What is prostate cancer?
Prostate cancer develops in the prostate, a small walnut-shaped gland that’s part of a man’s reproductive system. Prostate cancer is very common, affecting one out of every nine men.
What is the prostate gland?
The prostate gland is part of the male reproductive system. The gland makes fluid that mixes with semen during ejaculation. This fluid helps protect sperm and keeps it healthy for conception and pregnancy.
Where is the prostate gland?
The prostate gland sits below a man’s bladder in front of the rectum. The urethra runs through the center of the prostate gland. This tube carries urine and semen through the penis and out of the body. The seminal vesicles that make semen sit behind the prostate gland.
How common is prostate cancer?
About one in nine men will receive a prostate cancer diagnosis during his lifetime. Prostate cancer is second only to skin cancer as the most common cancer affecting males. Close to 200,000 American men receive a diagnosis of prostate cancer every year. There are many successful treatments — and some men don’t need treatment at all. Still, approximately 33,000 men die from the disease every year.
Who might have prostate cancer?
Men over the age of 55 are more prone to the disease. Your chances of developing prostate cancer increase as you age. In fact, 60% of prostate cancers occur in men over the age of 65. Other risk factors include:
- Ethnicity (black men have the highest risk).
- Family history of prostate cancer.
What are the types of prostate cancer?
Almost all prostate cancers are adenocarcinomas (malignant tumors). This type of cancer starts in the cells of glands that make secretions. Rarely, other types of cancer develop in the prostate. These include:
- Small cell carcinomas.
- Transitional cell carcinomas.
- Neuroendocrine tumors.
What causes prostate cancer?
Experts aren’t sure why some cells in the prostate gland become cancerous (malignant). Genetics appear to play a role. For example:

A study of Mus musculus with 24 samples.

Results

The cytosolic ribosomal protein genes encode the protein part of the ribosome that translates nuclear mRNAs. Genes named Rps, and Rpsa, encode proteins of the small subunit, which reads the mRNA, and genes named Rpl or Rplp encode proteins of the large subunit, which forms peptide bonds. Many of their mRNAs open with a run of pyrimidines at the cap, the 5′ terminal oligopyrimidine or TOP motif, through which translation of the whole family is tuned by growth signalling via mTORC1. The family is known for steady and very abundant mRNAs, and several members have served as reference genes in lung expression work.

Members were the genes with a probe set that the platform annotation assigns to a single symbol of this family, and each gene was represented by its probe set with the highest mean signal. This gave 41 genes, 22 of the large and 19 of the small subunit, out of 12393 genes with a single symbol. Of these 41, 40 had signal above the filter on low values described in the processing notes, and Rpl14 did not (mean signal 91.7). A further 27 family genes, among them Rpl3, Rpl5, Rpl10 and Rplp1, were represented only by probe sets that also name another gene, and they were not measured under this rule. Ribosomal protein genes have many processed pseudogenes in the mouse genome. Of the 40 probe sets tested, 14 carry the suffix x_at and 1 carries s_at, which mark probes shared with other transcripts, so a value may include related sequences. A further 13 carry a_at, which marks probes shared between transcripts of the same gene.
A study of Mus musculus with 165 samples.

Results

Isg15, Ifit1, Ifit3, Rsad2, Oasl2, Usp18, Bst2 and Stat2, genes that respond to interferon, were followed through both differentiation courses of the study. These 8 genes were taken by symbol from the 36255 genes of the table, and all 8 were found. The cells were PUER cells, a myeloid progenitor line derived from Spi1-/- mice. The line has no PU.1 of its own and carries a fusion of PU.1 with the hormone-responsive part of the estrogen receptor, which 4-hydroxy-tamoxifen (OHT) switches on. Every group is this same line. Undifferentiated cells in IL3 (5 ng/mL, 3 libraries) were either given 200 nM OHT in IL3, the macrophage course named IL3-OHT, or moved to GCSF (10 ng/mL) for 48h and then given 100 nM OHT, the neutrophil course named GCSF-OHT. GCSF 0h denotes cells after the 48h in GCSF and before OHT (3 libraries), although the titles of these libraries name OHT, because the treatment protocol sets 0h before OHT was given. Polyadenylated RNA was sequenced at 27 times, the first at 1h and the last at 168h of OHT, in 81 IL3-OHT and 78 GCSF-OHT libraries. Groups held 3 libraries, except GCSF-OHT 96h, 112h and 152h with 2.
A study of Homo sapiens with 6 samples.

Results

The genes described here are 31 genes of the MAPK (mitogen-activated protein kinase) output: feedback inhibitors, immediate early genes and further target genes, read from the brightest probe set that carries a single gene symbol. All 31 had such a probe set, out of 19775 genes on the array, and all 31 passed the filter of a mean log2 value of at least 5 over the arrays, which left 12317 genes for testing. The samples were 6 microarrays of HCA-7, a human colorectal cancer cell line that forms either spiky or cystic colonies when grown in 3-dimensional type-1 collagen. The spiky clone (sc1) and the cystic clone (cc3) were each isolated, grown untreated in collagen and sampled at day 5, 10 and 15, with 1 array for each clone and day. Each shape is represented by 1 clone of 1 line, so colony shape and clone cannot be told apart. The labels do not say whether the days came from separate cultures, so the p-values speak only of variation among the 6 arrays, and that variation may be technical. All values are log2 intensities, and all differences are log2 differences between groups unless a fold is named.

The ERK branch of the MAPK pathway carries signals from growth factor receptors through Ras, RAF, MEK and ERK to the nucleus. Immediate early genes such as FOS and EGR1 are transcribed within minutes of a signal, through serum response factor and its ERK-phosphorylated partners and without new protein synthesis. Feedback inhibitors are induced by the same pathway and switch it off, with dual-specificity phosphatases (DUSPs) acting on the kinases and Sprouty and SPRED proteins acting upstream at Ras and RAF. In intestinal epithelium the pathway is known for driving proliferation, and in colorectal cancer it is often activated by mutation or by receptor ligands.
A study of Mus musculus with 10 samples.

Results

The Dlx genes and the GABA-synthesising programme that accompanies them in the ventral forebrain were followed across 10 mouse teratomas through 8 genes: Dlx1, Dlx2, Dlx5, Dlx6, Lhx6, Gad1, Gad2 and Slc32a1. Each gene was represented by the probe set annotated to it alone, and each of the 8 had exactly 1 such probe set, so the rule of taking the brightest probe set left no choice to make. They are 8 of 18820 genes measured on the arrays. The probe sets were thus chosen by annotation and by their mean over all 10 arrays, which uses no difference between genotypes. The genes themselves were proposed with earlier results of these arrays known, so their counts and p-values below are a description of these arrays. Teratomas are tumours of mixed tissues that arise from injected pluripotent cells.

- You’re two to three times more likely to get prostate cancer if your father, brother or son has the disease.
- Inherited mutated (changed) breast cancer genes (BRCA1 and BRCA2) and other gene mutations contribute to a small number of prostate cancers.
What are the symptoms of prostate cancer?
Early-stage prostate cancer rarely causes symptoms. These problems may occur as the disease progresses:
- Frequent, sometimes urgent, need to urinate, especially at night.
- Weak urine flow or flow that starts and stops.
- Painful urination (dysuria).
- Fecal (bowel) incontinence.
- Painful ejaculation and erectile dysfunction (ED).
- Blood in semen (hematospermia) or urine.
- Lower back pain, hip pain and chest pain.
- Leg or feet numbness.
Are prostate problems always a sign of prostate cancer?
Not all growths in the prostate are cancerous, and not all prostate problems indicate cancer. Other conditions that cause similar prostate cancer symptoms include:
- Benign prostatic hyperplasia (BPH): At some point, almost every man will develop benign prostatic hyperplasia (BPH). This condition enlarges the prostate gland but doesn’t increase cancer risk. The swollen gland squeezes the urethra and blocks the flow of semen and urine. Medications, and sometimes surgery, can help.
- Prostatitis: Men younger than 50 are more prone to prostatitis, inflammation and swelling of the prostate gland. Bacterial infections are often the cause. Treatments include antibiotics or other medications.